Collateral advantage

Several women who started earning for the first time by selling home food get an unexpected boost, facilitated by aggregating platforms

author_img Khushboo Ramnane Published :  14th February 2022 07:42 PM   |   Published :   |  14th February 2022 07:42 PM
Representational Image. Food

Representational Image

A Bunt family (a community that traditionally inhabits the coastal districts of Karnataka) tried out the quintessential Sindhi breakfast of Dal Pakwan for the very first time during the Covid lockdown. Chana dal commonly served with raw onions, spicy mint chutney and sweet and tangy tamarind-date chutney to be scooped with crunchy fried bread... this and other such delicacies from various cuisines became a part of any city’s cultural fabric.

“People were curious at first and I am happy to report that I have got a great response for Sindhi food from Bangaloreans,” says Kusum Rohra from Mumbai, who now calls Bengaluru her home. After the pandemic struck, she started her home food venture called Khado by Kusum via Instagram and it continues to bring her business. She eventually registered with Airmenus because it streamlines communication and payments, saving her time and effort.

Globally, women’s jobs are 1.8 times more vulnerable to the Covid crisis than those of men, according to a July 2020 report by the McKinsey Global Institute. However, a less pronounced collateral benefit is that the pandemic got respect for remote work and for women this has been a mixed blessing. One can attribute this shift in trend to the arrival of food aggregator platforms for home chefs such as HomeFoodi, Foodcloud and other smaller city-centric ventures that help connect small-batch home food makers to consumers. The aim of these aggregators is discovering different cuisines, home pantries and to give a chance to familiarise yourself with foods from different regions. Rohra has moved from weekend deliveries to delivering every day. She is catering to intimate gatherings also. Industry experts feel just as demonetisation paved way for fintech and the digital economy, the pandemic facilitated food tech and home food concepts.

Narendra Dahiya, the founder and CEO of Homefoodi, has been able to expand from Noida to Ghaziabad, Delhi, Bengaluru, Mumbai and Hyderabad within two years of their launch in November 2019. Most of their associates are also women who are earning for the very first time. “Even the government is excited about this opportunity and has legalised home chefs. It’s a big endorsement as they face fewer issues from their respective RWAs.” In a city like Delhi, a thali costs about `120. A chef who has built a loyal customer base over time does an average of eight to 10 orders a day and can make up to a lakh per month. The marriage and motherhood penalty still exist. Dahiya adds, “Our research told us that most of the homemakers were at home because of their circumstances and not by choice. The most convenient way for them to earn a living was to sell homemade food. NRAI also confirms that the home chef segment is the fastest growing in India today.”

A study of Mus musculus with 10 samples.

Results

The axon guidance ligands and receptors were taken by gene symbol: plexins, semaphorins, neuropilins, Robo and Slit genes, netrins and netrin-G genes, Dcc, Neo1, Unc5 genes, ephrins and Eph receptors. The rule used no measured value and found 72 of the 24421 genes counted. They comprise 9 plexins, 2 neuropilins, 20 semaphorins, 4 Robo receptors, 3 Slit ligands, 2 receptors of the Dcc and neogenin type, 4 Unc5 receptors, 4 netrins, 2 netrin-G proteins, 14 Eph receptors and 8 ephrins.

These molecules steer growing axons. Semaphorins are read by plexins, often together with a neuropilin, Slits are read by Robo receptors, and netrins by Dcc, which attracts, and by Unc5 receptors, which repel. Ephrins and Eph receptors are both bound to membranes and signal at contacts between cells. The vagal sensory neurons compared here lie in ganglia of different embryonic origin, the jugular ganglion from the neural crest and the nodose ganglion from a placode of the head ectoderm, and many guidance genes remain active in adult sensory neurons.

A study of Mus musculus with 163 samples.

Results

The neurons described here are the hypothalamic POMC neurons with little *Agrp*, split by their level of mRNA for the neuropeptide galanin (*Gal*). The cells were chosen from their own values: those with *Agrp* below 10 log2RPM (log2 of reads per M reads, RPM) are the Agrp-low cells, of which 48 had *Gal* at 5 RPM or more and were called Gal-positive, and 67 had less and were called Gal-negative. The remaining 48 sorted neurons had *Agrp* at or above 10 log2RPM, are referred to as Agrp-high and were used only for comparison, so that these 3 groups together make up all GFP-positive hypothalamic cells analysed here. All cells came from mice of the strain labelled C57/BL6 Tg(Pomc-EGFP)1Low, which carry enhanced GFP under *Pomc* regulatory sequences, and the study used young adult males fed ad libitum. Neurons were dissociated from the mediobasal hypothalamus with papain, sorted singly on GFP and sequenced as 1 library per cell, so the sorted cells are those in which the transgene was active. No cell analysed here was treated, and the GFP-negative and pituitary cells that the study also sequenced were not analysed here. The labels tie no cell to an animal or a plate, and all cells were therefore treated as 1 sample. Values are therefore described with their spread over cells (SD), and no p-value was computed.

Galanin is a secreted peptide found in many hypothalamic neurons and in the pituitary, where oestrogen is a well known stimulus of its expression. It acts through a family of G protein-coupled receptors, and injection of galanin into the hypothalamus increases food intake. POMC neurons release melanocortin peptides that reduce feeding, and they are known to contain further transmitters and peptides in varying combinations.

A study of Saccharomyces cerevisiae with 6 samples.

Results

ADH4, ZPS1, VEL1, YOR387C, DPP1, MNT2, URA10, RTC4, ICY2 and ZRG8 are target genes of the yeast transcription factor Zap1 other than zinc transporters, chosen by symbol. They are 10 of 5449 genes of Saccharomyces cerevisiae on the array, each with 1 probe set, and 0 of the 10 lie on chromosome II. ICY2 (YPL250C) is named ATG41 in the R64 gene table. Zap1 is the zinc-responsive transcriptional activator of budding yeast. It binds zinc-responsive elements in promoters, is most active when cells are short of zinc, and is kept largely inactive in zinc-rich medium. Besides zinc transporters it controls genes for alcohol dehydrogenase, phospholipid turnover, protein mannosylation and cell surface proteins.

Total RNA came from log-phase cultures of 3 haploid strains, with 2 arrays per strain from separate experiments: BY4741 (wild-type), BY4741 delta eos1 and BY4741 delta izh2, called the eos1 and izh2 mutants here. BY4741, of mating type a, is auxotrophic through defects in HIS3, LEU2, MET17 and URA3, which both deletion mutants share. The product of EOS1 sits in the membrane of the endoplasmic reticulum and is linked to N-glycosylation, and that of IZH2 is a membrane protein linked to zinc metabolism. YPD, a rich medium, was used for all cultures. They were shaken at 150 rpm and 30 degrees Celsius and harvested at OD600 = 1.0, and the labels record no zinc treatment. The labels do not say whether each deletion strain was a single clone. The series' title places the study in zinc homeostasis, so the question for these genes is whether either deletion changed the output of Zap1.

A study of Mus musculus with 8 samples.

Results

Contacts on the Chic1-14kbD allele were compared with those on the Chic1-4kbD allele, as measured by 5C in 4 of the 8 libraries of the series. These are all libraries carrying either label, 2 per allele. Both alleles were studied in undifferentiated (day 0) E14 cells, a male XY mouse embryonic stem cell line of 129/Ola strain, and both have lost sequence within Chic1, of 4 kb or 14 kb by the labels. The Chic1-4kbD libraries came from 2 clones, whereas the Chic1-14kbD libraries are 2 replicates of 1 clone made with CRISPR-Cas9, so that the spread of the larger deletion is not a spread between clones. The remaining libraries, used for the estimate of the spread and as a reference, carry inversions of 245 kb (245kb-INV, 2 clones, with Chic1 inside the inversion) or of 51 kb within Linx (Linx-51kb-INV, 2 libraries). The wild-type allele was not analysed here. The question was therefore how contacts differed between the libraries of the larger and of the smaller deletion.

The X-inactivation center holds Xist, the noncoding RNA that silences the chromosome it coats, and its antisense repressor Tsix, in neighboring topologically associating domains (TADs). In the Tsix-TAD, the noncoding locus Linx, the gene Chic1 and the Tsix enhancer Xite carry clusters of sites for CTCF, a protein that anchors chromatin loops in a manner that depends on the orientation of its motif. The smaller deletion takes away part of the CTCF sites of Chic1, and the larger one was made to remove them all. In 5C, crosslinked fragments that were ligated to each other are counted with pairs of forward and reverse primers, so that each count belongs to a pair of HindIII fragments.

Aparna Nadig from Bengaluru started Rasa and Co with her mother Anasuya Nadig during the lockdown. “It started as a passion project to supply healthy, wholesome South Indian food to friends and family who live alone. We supply vangibath powder, chutney podis, pickles, rasam-sambhar powders and more of the regular staples. On special occasions, like Sankranti, we made Yellu Bella, a trail mix of sorts and Sakkare Acchu, sugar candies moulded in various shapes and other lesser-known dishes.” They hired a single mother for help and hope to employ more women.

In Surat, Satyen Naik, Founder, Kitchen GJ05 - Ghar se Ghar tak, observed that most of the chatter on social media during the pandemic was about food. He quickly launched Kitchen G0J5 to connect the city of Surat to its home chefs. Starting in June 2020, it now has more than 60 women home chefs, some of whom are the main income earners for their families.

Chef Suman Puri, 56, is fondly called Aunty in Surat. “I get calls saying, ‘aunty I want one parantha or a plate of poha for breakfast before leaving for work.’ I charge Rs 20 for a parantha with curd and Rs 35 for poha. I am glad I chanced upon Kitchen GJ05. My husband passed away just before the pandemic and I am a single mother. I am able to pay my rent and run my house with this food business.” Naik not only makes sure that hygiene, packaging and communication are of top quality, he also trains home chefs and helps promote them via his social media efforts. “During Ganesh Chaturthi, laddoos move faster. Foods such as sarson ka saag, and Undhiyu are ordered most in winters.”

As the world rebuilds itself post-Covid lockdowns, it remains to be seen if we can sustain these benefits.